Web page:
Can I Be Suspended Or Fired From My Job Following An Arrest?
A criminal arrest will seriously upend your life. Even if the charges or dropped–or you are ultimately tried and acquitted–the arrest alone can have negative consequences in the interim. For example, you could face suspension or termination by your employer.
Florida is an “at-will” state when it comes to employment. This means that in most cases, an employer can fire you with or without cause. There are certain exceptions. For instance, your employer cannot fire you based on race or sex. But there is no law protecting you from termination solely based on the fact you were arrested for a crime during the course of your employment.
Some employers do have written policies stating that an employee will only be suspended while a criminal case is pending. This means that if the employee is cleared, they can return to their job, although they may not receive any back pay for the time they were suspended.
School Custodian Thwarted in Effort to Receive Back Pay Following Post-Arrest Suspension
Public employees are also subject to different rules than people working in the private sector. Many government employers have regulations or policies addressing how to handle an employee’s arrest. And these rules, in turn, may be subject to collective bargaining with the public employee’s union.
A recent decision from the Florida First District Court of Appeals, Escambia County School Board v. Warren, is a case in point. This case involved a union employee who worked as a custodian for a Florida public school district. In 2017, prosecutors charged the employee with grand theft. The school board subsequently suspended the employee without pay under a local rule “disqualifying” school board employees for convictions of certain specified crimes.
The employee initially challenged the school board’s authority to suspend him while his criminal case was pending. The First District sided with the board in a 2019 decision. Shortly thereafter, the employee pleaded “no contest” to a felony to resolve his criminal case. This particular felony was not one of the disqualifying offenses listed in the school board’s rule. So the school board reinstated the employee to his job.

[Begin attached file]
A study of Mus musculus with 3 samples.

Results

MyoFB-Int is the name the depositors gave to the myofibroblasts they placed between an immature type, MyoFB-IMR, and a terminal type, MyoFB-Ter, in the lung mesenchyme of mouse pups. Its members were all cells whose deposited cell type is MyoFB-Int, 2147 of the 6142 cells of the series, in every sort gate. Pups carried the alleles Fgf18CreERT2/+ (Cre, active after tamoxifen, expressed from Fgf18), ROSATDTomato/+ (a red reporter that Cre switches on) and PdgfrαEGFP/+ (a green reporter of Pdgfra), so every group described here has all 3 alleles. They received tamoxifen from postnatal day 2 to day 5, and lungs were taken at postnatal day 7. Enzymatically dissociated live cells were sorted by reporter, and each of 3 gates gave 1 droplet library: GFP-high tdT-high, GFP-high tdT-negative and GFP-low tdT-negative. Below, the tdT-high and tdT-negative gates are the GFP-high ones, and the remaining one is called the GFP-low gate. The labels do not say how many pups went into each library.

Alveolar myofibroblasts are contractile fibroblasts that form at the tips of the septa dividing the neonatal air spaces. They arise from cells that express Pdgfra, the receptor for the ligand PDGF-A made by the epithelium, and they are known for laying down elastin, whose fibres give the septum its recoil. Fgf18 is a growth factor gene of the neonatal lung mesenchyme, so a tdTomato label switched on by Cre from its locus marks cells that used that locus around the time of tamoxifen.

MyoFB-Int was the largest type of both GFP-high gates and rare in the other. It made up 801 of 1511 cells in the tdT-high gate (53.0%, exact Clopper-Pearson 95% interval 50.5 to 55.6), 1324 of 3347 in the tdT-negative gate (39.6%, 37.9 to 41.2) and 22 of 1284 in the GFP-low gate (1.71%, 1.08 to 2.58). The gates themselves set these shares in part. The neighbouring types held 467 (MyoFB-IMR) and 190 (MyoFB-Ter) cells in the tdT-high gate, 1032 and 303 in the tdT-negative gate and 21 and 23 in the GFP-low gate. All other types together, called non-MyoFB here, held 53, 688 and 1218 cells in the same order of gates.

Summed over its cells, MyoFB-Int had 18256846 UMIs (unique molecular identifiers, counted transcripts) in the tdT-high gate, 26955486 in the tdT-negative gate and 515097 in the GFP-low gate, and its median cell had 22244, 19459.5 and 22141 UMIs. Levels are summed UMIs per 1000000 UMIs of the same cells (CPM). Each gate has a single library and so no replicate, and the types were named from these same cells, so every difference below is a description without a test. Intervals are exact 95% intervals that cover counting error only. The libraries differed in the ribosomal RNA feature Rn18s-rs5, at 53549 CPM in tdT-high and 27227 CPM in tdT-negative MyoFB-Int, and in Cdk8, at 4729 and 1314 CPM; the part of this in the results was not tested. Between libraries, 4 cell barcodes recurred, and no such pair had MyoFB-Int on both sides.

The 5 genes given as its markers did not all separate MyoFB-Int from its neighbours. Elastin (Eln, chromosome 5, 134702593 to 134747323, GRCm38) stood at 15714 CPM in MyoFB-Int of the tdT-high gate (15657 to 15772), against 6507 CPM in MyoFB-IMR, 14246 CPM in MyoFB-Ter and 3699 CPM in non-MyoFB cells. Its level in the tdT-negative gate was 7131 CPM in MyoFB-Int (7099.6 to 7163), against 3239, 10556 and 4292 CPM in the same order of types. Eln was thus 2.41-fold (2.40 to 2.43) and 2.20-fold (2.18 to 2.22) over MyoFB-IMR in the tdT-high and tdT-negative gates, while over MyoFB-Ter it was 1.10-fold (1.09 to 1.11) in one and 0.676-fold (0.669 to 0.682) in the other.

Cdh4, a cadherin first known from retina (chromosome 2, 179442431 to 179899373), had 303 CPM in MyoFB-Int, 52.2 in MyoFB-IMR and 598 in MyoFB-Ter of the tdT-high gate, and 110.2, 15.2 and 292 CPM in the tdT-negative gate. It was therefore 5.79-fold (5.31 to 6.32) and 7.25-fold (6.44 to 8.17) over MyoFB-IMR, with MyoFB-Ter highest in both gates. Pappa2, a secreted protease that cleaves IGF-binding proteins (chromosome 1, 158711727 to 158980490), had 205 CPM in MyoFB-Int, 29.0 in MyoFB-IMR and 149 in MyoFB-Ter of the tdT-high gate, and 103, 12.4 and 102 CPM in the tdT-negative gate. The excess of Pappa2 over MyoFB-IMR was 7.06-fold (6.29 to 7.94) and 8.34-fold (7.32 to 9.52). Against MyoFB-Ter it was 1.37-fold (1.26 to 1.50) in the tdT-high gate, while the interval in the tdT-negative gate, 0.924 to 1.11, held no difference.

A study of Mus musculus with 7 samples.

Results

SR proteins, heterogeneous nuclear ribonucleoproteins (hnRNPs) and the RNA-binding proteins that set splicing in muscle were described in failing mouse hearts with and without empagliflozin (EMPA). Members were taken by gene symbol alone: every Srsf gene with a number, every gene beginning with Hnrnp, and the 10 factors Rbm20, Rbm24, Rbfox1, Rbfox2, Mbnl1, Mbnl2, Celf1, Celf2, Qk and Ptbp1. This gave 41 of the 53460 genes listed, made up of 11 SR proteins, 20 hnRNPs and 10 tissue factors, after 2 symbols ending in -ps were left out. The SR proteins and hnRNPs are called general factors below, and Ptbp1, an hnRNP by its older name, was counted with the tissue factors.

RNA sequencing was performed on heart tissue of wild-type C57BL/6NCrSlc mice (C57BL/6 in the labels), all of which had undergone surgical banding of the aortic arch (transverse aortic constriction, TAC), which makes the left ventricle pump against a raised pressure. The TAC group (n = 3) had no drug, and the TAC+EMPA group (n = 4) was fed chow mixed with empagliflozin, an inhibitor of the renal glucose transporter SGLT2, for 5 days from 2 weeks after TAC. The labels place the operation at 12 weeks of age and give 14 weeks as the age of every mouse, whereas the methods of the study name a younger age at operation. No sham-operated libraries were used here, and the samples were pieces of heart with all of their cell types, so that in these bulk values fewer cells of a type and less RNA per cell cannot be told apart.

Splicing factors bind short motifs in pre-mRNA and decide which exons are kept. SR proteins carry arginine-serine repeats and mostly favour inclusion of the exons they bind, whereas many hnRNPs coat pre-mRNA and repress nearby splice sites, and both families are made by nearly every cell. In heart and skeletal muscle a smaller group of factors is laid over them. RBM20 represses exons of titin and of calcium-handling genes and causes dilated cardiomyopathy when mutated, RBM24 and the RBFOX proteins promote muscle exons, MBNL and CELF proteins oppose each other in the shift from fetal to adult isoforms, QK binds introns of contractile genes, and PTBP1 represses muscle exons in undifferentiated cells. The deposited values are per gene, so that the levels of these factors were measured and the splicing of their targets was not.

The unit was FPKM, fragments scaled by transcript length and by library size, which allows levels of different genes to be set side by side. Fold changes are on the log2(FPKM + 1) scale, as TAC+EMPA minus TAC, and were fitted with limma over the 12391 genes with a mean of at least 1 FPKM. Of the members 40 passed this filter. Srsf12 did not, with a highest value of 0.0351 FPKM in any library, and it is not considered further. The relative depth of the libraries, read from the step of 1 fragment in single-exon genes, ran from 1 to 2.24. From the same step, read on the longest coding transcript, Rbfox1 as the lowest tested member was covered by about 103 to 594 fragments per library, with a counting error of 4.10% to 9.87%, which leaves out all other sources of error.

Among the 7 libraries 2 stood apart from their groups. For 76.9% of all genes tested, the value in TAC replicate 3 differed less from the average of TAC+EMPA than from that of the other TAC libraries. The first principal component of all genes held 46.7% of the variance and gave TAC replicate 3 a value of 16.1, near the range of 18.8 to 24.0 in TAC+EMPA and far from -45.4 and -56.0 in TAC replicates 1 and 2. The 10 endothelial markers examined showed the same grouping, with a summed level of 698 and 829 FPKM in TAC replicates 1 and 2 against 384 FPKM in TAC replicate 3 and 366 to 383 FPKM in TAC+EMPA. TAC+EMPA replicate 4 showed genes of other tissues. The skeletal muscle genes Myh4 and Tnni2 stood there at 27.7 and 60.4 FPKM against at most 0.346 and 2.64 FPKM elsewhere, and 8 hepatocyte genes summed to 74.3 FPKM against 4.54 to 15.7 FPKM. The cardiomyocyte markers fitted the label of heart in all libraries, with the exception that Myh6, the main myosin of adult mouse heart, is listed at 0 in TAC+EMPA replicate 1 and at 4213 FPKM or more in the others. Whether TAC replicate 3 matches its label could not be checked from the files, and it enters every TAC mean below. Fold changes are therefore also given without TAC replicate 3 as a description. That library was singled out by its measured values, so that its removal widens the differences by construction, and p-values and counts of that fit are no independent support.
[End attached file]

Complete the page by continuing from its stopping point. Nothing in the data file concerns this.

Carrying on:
The board would not, however, give the employee back pay for the time he was suspended. This prompted another round of legal challenges. The First District again sided with the board.
The employee and his union then tried one more avenue of attack–challenging the rule itself as an “invalid exercise of delegated legislative authority.” Although an administrative law judge actually held the rule was invalid, the First District again sided with the school board. Technically, the appeals court did not declare the rule was valid or invalid; it actually found that neither the employee nor the union had legal “standing” to challenge the rule in the first place.
Contact Orlando Criminal Defense Attorney Jose Baez Today
Any criminal charges, no matter how minor, can adversely affect your life and livelihood. That is why it is essential to work with an experienced Orlando criminal defense lawyer when facing such allegations. Contact the Baez Law Firm today to schedule a free consultation.